Since Easter is quickly approaching, I’ve been thinking about ham.
Ham is a cut from the hind leg of a pig and is usually a cured product, although there is such a thing as fresh ham. Dry cured ham is salted and stored until the salt penetrates and dehydrates the meat (just like last week’s recipe, salmon gravlax). Some hams are pickled, which entails soaking the meat in acidic brine. You will often find sugar-cured ham made with this brine method. Mass produced hams are usually injected with brine. Some hams are smoked after curing, a process that further preserves and adds considerable flavor.
Ham is an ancient food. It is thought to have been originated by the European Celts (known to the Romans as Gauls) as early as the 6th century B.C. Living around salt deposits, they would have discovered the preservation properties of salt and used it on many kinds of meats, including regional wild boar. Romans were known to covet these hams, and eventually incorporated the preparations into their own cuisine. The ham of Parma and prosciutto are two famous examples of their culinary thievery.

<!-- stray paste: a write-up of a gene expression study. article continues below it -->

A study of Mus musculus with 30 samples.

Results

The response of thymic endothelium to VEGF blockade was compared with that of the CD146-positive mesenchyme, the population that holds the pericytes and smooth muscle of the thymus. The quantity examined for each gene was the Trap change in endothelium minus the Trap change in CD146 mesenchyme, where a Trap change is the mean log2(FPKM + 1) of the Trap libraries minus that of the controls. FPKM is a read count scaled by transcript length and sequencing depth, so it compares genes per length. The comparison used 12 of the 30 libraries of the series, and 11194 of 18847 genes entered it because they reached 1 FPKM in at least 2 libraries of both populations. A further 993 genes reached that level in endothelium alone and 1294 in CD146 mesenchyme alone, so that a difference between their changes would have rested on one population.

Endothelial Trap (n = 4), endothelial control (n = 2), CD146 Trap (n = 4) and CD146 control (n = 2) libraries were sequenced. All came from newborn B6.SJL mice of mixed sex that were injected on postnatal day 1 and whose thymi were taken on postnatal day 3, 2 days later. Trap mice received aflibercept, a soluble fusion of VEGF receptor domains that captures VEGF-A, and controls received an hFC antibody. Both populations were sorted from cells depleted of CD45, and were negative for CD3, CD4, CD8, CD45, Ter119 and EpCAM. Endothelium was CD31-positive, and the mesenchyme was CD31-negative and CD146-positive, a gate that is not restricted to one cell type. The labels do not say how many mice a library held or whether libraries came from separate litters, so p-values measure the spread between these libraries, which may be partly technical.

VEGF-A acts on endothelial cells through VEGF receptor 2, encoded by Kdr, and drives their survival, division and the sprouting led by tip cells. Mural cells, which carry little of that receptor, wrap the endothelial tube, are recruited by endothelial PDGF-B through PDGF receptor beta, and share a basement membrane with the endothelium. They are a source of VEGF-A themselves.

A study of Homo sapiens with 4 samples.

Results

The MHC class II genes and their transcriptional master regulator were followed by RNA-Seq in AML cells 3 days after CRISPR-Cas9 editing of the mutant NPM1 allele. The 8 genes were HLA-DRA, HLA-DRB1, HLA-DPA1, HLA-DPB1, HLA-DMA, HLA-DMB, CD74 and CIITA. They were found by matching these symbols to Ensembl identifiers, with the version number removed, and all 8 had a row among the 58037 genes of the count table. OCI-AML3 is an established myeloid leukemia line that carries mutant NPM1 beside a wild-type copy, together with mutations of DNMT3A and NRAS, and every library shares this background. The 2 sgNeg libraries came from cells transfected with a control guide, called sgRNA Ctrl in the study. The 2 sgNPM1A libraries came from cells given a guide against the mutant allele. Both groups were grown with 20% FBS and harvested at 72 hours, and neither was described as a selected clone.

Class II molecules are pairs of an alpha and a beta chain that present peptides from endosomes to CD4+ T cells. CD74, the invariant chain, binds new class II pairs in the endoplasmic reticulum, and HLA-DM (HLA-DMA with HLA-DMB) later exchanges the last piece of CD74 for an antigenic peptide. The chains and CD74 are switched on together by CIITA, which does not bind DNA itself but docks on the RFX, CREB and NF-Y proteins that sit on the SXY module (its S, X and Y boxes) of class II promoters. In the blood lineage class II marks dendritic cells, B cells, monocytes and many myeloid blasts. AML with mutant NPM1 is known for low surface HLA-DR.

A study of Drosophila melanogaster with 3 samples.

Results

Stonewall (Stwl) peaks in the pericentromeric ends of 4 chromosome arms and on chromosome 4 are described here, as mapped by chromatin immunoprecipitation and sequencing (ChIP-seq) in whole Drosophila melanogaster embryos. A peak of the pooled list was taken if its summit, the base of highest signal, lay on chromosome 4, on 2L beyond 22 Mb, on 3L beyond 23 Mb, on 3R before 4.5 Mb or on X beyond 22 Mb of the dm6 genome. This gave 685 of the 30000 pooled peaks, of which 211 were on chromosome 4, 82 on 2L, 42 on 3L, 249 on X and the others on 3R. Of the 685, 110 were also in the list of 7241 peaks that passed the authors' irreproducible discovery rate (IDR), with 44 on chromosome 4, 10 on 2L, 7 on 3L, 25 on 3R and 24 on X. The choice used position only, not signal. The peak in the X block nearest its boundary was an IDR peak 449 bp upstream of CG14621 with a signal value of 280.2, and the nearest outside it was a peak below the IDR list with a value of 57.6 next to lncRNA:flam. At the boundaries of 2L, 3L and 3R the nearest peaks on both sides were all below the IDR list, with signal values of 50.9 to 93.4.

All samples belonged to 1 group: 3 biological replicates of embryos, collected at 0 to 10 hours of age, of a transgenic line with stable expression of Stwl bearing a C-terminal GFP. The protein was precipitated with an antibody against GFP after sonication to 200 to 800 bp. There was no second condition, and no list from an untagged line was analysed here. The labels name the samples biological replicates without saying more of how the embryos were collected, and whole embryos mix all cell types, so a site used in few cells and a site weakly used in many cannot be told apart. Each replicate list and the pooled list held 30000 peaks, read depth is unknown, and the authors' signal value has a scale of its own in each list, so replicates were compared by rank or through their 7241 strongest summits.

Cured hams are fully cooked, and need only be heated to serve. There are numerous glazes that one can slather over a ham, but it is the pure and simple flavor of the cure that I look forward to. Sliced thin and stacked between two sliced of light rye, with a little mustard … that’s how I roll.
If, like me, you enjoy a big ham around Easter, here is a classic recipe for Deviled Ham to help you use up the leftovers. Use it for sandwiches or serve it on a bed of lettuce for a tasty luncheon dish.
1/4 cup mayonnaise
1 tablespoon Dijon mustard
1 stalk celery, diced fine
3 scallions, minced
2 tablespoons flat leaf (Italian) parsley, minced
2 cups finely minced ham
1/2 teaspoon ground black pepper
Tabasco to taste
In a large bowl combine mayonnaise, mustard, celery, scallions, parsley, and mix well. Add ham, pepper, Tabasco, and stir to combine. That’s it. Not everything delicious needs to be complicated!